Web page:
C-reactive protein is associated with psychological risk factors of cardiovascular disease in apparently healthy adults.
The current study examined the relation of anger, hostility, and severity of depressive symptoms, alone and in combination, to C-reactive protein (CRP) in healthy men and women.
A high sensitivity enzyme linked immuno sorbent assay (ELISA) was used to evaluate CRP levels in a multiethnic sample of 127 healthy, nonsmoking men and women. Fasting blood samples were collected the same day the assessments were done of anger and hostility using the Buss-Perry Aggression Questionnaire (BPAQ) and depressive symptomatology using the Beck Depression Inventory (BDI). A psychological risk factor (PRF) score representing a composite summary indicator of BDI and BPAQ-anger and -hostility was generated using principal component analysis. Log-transformed CRP values were examined using univariate and multivariate analyses adjusting for control variables of age, gender, body mass index (BMI), alcohol use, exercise frequency, ratio of total to high-density lipoprotein cholesterol, and family history of premature coronary heart disease (CHD).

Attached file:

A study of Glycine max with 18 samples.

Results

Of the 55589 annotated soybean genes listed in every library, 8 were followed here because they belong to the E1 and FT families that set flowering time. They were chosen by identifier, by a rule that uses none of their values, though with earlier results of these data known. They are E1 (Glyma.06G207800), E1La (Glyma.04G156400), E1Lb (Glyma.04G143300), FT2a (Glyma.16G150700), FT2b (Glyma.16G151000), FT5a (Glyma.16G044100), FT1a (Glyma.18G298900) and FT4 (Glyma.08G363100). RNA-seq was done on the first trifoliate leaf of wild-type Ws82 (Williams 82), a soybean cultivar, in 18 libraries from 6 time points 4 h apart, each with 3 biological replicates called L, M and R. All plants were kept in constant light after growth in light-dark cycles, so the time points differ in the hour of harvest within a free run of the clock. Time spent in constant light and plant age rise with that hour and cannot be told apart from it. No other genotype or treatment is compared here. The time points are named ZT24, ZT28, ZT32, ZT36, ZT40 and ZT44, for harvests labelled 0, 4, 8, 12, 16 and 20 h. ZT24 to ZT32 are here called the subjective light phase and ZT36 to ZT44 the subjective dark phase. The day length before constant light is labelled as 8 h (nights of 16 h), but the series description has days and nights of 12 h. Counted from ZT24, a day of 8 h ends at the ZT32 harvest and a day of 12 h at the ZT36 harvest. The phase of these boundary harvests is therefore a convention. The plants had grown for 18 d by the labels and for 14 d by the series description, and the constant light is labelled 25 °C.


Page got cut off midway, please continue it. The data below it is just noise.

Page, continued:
Log-normalized CRP was correlated with BDI (r = 0.21, p =.02) and BPAQ anger (r = 0.20, p =.02), but not with BPAQ hostility. After adjustment for control variables, BDI (beta = 0.05, p =.011), BPAQ anger (beta = 0.05, p =.007), and the PRF composite score (beta = 0.27, p =.005), but not BPAQ hostility (beta = 0.03, p =.11), were significantly associated with log-normalized CRP.
Greater anger and severity of depressive symptoms, separately and in combination with hostility, were significantly associated with elevations in CRP in apparently healthy men and women. These associations were independent of potential confounding factors.